Wednesday, 7 October 2009

Anger as Israeli mayor plans to twin town with Dachau

7th October 2009

By Matthew Kalman

An Israeli mayor has caused uproar with plans for his town to become the first to twin with a German town which housed a Nazi death camp.

Rosh Ha-Ayin, a middle-class dormitory town about 15 miles from Tel Aviv with a population of 40,000, has twinned with the infamous Bavarian town of Dachau, home of the first Nazi concentration camp about 12 miles from Munich.

More than 200,000 people from 30 countries were imprisoned at Dachau, a third of them Jews. Nearly 60,000 were murdered by the Nazis.

The Israeli town of Rosh Ha-Ayin which is to be twinned with the German town of Dachau

The camp was erected by the Nazis in March 1933 and carried the famous, cynical slogan “Arbeit Marcht Frei” above the entrance to its slave labour camp years before the same sign was placed above Auschwitz in Poland.

SS officers were trained there before being sent to larger death camps in Germany and Poland.

Many Israeli towns are twinned with similar-sized towns in Germany, and since the Jewish state was founded in 1948 the two countries have fostered close diplomatic and cultural ties in an effort to repair the damage done by the Nazi murder of six million Jews under Hitler.

But no Israeli town has ever twinned with those places that hosted the gas chambers and crematoria.

Moshe Zanbar, a prominent Israeli businessman and politician who survived Dachau as a slave labourer after being sent there aged 18, said he was 'appalled.'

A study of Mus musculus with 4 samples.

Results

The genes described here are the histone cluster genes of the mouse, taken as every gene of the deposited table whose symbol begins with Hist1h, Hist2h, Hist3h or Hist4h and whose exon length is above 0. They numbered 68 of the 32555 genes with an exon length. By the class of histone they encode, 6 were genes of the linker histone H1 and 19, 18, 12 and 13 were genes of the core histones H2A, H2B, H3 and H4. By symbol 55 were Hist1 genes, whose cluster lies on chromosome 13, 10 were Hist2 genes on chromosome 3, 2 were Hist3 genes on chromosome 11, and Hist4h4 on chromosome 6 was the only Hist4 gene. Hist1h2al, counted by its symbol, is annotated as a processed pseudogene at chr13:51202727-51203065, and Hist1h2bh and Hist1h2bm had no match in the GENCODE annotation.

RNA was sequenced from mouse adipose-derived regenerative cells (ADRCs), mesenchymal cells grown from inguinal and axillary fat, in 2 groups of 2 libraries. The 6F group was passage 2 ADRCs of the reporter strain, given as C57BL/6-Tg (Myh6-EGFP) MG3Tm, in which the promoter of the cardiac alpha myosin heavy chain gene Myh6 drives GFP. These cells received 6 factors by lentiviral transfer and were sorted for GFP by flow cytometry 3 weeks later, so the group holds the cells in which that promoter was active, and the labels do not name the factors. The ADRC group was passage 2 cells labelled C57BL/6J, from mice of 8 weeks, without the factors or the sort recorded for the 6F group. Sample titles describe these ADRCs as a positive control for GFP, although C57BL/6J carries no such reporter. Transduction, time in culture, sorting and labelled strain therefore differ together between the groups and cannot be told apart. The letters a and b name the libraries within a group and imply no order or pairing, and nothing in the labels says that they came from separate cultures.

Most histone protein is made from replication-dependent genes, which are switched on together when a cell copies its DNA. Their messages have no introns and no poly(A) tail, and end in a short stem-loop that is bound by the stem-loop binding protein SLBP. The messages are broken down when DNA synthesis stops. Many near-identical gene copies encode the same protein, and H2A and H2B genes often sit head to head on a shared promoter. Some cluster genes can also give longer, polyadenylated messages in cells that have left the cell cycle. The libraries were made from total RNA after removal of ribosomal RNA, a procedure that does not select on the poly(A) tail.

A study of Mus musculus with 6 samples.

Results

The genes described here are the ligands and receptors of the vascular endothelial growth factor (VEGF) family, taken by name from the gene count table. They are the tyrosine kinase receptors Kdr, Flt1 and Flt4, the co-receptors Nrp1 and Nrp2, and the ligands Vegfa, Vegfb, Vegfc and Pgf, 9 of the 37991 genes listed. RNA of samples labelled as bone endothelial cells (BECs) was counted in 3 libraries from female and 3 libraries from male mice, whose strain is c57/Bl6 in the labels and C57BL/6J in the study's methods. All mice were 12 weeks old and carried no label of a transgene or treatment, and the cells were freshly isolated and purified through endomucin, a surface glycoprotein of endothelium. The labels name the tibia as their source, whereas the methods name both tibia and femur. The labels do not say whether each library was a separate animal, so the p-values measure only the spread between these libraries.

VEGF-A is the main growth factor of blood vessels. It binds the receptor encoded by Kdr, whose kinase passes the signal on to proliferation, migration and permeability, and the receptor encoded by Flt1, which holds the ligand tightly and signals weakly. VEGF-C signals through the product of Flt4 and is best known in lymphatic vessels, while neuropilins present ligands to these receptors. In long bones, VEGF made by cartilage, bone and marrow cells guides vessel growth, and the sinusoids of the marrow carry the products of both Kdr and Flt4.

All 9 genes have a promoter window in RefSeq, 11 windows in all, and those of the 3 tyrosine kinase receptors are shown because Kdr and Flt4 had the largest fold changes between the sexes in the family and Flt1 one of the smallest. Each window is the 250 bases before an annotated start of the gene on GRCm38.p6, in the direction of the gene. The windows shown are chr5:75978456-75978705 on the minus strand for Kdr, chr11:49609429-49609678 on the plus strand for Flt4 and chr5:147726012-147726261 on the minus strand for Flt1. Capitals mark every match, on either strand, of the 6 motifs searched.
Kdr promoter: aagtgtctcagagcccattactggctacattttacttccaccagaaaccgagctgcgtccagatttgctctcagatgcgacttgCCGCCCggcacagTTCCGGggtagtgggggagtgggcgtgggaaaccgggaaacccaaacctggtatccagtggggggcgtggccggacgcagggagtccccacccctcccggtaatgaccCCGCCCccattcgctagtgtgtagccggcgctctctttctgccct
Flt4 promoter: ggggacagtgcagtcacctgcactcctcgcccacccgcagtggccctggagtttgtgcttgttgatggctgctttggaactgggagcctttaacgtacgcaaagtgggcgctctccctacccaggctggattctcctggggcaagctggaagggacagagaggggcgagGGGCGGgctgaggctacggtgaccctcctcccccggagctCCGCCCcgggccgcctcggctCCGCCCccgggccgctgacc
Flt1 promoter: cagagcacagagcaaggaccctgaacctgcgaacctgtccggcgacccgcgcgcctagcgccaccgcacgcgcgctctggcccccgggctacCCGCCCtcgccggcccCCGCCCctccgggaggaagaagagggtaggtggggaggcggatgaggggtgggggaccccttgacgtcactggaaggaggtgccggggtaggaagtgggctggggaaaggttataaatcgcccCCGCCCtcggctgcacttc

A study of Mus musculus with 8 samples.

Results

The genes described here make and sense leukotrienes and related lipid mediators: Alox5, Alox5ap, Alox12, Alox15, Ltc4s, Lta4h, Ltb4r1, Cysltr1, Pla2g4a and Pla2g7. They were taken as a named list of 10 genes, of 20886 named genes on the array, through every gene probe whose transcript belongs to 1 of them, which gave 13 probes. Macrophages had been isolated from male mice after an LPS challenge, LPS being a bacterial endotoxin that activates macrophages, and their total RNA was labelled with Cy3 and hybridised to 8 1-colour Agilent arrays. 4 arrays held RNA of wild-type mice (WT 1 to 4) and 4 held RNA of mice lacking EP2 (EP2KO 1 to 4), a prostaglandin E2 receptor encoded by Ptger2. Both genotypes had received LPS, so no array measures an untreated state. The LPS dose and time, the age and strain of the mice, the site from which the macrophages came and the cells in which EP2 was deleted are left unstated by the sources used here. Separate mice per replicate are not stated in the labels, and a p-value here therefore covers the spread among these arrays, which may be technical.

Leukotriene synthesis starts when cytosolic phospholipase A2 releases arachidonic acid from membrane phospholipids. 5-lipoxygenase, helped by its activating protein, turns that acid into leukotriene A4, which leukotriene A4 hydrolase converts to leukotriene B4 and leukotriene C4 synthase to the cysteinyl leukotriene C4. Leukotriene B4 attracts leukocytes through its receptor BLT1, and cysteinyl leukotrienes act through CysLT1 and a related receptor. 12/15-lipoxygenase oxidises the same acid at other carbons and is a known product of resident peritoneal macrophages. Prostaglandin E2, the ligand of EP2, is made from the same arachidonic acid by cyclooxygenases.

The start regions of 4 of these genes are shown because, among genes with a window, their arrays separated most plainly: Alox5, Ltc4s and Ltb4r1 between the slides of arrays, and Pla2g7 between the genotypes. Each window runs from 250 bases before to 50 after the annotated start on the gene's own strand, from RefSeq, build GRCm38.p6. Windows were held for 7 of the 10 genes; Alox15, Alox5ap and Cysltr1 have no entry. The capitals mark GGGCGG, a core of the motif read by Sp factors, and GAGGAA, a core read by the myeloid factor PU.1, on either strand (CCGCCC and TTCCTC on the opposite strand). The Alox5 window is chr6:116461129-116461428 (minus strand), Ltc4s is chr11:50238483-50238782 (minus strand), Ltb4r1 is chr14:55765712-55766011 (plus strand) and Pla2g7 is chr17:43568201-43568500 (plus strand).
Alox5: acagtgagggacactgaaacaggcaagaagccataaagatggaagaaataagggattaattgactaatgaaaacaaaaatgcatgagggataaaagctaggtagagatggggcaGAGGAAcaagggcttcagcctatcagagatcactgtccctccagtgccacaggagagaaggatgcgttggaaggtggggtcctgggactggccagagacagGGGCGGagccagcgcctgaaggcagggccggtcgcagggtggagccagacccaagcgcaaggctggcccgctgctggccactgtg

'I don’t understand how they could do something like this, because of the symbolism,' he said.

'I have nothing against the new generation of Germans, and we must not hate all of them, but their parents who lived through that era saw us and knew what was happening.

'We were worked to death there. A special agreement between Dachau and an Israeli town is too much for me.'

Noah Kliger, a Holcoaust survivor and historian, described the twinning as an act of 'disturbing stupidity'.

'Can a few apparent friends of Israel erase the name and the past of Dachau?' he asked.

But Moshe Sinai, the mayor of Rosh Ha-Ayin and a former Israeli diplomat, said the twinning agreement honoured the memory of the Holocaust by bringing the next generation of Israeli and German youth together.

'My family are also Holocaust survivors and my family also suffered from the horrors of the Holocaust and many of them perished. But I also think about the future,' said Sinai.

He said it was ridiculous to discriminate between the people of different German cities because a concentration camp happened to be located there a half century ago.

'There was discrimination and the Kristallnacht in every town in Germany. They beat Jews and murdered Jews everywhere,' he said.

'Either we co-operate with Germany and honestly try to open a new page, and try to learn from the Holocaust to try and prevent more Holocausts, or we have to take Germany and divide it into permitted and non-permitted areas.'

'As local leaders we must think of the future of our children. If youth from Rosh Ha-Ayin learn together with youth from Dachau how to prevent future Holocausts, how to prevent future anti-Semitism, it should be welcomed.

'The majority of people in Dachau weren’t yet born when the Holocaust happened.

'They’ ve been told about the Holocaust and they want to learn from it. To co-operate with them in learning about the Holocaust is the best thing we can do,' he said.